Despite recent headlines like “The Disappearing Gender Gap,” “Closing the Gender Gap,” and “Obama, Romney Erase Gender Gap Among Voters,” don’t be fooled: The gender gap–the measurable difference between the way women and men vote for candidates and view political issues–is not disappearing. To the contrary, it is driving the 2012 election.
Nate Silver of The New York Times‘ FiveThirtyEight blog, after a thorough analysis of many presidential polls, concluded on October 21 that the “Gender Gap Near Historic Highs.” Silver’s calculations revealed an 18 percent gender gap, with President Obama’s support among women up by nine percent over Mitt Romney while he trailed Romney among men by 9 percent.
But women and men do not cancel out each other’s votes. That’s because women both register and vote in higher percentages than men, and will be casting about 10 million more votes than men in the 2012 election. In the last presidential election, women cast 9.7 million more votes than men, according to the Center for American Woman and Politics (CAWP), and Gallup found that 53 percent of the vote was cast by women compared to 47 percent by men.
More important than national statistics, Obama is leading in swing states precisely because of the gender gap. In Ohio, for example, a newly released (October 31) Quinnipiac University/New York Times/CBS poll of likely voters has Obama leading 50 percent to 45 percent, with 56 percent of women for Obama and only 44 percent of men, creating a 12-percent gender gap. According to the same poll, in Florida and Virginia Obama is leading by a slight margin, boosted by a 10-percent gender gap.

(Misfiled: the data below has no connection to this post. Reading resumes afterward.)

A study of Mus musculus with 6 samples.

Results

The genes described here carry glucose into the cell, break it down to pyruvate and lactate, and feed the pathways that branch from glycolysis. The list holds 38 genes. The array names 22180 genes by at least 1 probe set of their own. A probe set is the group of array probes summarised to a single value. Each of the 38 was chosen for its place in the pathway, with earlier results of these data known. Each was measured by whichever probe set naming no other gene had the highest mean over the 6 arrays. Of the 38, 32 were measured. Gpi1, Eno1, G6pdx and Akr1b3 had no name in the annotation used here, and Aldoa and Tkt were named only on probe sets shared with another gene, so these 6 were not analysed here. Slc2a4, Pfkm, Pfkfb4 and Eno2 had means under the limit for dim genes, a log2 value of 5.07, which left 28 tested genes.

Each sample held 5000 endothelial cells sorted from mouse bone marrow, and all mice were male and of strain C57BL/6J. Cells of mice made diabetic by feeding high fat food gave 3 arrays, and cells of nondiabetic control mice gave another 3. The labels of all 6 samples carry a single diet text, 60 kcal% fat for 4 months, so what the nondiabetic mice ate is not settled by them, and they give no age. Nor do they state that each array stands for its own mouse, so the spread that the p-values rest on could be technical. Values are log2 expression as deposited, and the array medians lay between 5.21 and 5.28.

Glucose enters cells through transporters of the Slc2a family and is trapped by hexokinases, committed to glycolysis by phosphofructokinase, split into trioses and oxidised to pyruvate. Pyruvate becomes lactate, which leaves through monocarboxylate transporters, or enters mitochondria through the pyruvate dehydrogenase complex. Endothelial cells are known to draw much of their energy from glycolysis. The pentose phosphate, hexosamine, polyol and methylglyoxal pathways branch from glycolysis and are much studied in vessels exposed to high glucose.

I have been studying women’s political behavior since the early 1970s and first identified the gender gap in 1980 with the help of legendary pollster Louis Harris. In those days, most analysts considered the gender gap unimportant because Ronald Reagan won the presidential election despite a gender gap. Since I first identified it, though, the gender gap has only grown, and no serious analyst or political professional can ignore it.
The gender gap first appeared during the Equal Rights Amendment campaign in 1980. It persisted and expanded because of the increasingly different stances of the two major political parties and most of their candidates on women’s rights. Issues ranging from equality in pay and employment, abortion and contraception, Medicare, Medicaid and Social Security have all fueled the gender gap.
In 2012, it is no wonder the gender gap is so pronounced. A blizzard of hostile legislation (over 1,000 bills) has been introduced in the past two years against women’s reproductive rights in Congress and in many states controlled by conservative legislators and governors. In the legislative War on Women, the Paycheck Fairness Act has been endlessly filibustered in the Senate, the reauthorization of the Violence Against Women Act is being blocked in the house and several hundred extreme anti-abortion and birth control measures have been passed in both the House and in state legislatures.
The gender gap is also showing a pronounced impact on key U.S. Senate races. For example, according to the October 31 Quinnipiac poll, Ohio senator Sherrod Brown (D) leads challenger Josh Mandel because of a 12-percent gender gap. In Connecticut, Chris Murphy (D) leads against Linda McMahon with a 10-point gender gap, despite the tens of millions of dollars McMahon is spending on her race. For a more comprehensive list of key U.S. Senate races with gender gap data, see an analysis of polls by Jennifer Jackman of Salem State University.
Women’s votes will make the difference in 2012. And the women’s vote will never again be ignored in U.S. politics.